Ecocide and Genocide in Iraq: International Law, the Marsh Arabs and Environmental Damage in Non-international Conflicts
In 1991, after the first Gulf War, the Marsh Arabs of southern Iraq rose up against the Hussein government, with U.S. encouragement. The rebellion failed; in retaliation the government embarked on a massive water diversion project to drain the wetlands. In 1970 the wetlands covered nearly 11,000 square kilometers; today they cover fewer than a thousand. The Marsh Arabs whose ancestors had lived in the wetlands for five thousand years were forced to flee; many died. The drainage of the wetlands was a deliberate and calculated act of genocide and ecocide. At the time, Iraq was a party to several international agreements that made its acts illegal. The various environmental treaties to which Iraq was a party and customary international law regarding transboundary environmental harm provide little recourse for the Marsh Arabs, although they may provide the basis for claims to be pursued by neighboring states. Of the other treaties to which Iraq is a party, the Genocide Convention most clearly prohibits acts such as those committed by the Iraqi government against the Marsh Arabs. Common Article 3 of the Geneva Conventions addresses individual murders and extrajudicial killings of Marsh Arabs, but probably does not address the problem of the destruction of the wetlands as a whole. The Covenants on Economic and Cultural Rights and Civil and Political Rights provide similar protections, and provide that a people may not be deprived of its means of subsistence, as the Marsh Arabs have been. Treaties to which Iraq is not a party address the specific problem of environmental modification used in war or as an instrument of persecution of an ethnic group. ENMOD and the Rome Statute prohibit environmental warfare of the type engaged in by Iraq, but it is unlikely that the provisions of either have been accepted as custom in the practice of states. Protocols I and II to the Geneva Conventions of 1949, however, are probably expressions of customary international law, and may even express jus cogens or non-derogable norms. Of these, Protocol I addresses environmental harm far more directly. Under Protocol I, the Iraqi government’s action against the southern Mesopotamian wetlands was illegal because its effects were widespread, long-lasting, and severe, and because it was a prohibited reprisal against the natural environment.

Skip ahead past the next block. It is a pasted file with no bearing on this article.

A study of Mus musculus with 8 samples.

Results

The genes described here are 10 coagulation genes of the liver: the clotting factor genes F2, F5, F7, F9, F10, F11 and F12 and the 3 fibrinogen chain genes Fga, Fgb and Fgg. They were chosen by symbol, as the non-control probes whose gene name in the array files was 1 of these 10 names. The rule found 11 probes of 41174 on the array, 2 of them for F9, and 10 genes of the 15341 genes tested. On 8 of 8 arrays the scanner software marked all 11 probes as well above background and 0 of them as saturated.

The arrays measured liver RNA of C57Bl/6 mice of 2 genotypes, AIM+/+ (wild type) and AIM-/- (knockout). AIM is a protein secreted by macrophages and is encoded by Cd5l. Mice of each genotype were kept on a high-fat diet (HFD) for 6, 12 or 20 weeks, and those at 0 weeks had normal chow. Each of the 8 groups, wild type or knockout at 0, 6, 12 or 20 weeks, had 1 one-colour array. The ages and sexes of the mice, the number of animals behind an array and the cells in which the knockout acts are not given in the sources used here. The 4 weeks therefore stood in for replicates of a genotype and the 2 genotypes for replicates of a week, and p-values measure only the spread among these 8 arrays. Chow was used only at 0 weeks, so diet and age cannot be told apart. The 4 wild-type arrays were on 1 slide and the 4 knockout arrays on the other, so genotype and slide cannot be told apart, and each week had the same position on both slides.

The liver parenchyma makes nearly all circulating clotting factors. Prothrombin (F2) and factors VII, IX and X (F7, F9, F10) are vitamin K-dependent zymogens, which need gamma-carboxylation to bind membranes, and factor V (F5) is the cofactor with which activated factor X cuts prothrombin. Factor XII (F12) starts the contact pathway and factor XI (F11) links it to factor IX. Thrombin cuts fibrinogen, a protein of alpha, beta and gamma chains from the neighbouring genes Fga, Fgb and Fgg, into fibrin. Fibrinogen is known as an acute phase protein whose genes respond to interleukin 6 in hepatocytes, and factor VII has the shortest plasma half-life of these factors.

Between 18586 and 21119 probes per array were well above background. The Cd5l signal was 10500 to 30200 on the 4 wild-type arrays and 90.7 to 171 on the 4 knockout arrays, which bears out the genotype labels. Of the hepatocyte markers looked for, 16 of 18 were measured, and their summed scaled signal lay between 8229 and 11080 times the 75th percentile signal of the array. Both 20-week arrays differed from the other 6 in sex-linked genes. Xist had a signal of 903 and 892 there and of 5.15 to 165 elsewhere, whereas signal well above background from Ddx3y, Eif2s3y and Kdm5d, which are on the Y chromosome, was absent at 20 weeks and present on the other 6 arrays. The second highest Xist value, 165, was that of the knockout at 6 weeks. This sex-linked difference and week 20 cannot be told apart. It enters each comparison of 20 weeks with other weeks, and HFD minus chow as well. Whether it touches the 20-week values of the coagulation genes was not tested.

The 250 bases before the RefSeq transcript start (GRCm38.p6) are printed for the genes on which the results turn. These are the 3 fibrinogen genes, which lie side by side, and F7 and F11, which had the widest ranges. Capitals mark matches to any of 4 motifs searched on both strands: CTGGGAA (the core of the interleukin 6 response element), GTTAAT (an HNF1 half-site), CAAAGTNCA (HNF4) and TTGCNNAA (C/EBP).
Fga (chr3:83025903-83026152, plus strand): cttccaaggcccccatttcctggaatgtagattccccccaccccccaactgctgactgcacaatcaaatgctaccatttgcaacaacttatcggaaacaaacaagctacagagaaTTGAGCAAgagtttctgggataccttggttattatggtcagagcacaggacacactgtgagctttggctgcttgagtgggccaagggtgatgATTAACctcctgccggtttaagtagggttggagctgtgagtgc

Environmental Law | Human Rights Law | International Law | Military, War, and Peace
Date of this Version
Aaron Schwabach, "Ecocide and Genocide in Iraq: International Law, the Marsh Arabs and Environmental Damage in Non-international Conflicts" (August 25, 2003). bepress Legal Series. bepress Legal Series.Working Paper 35.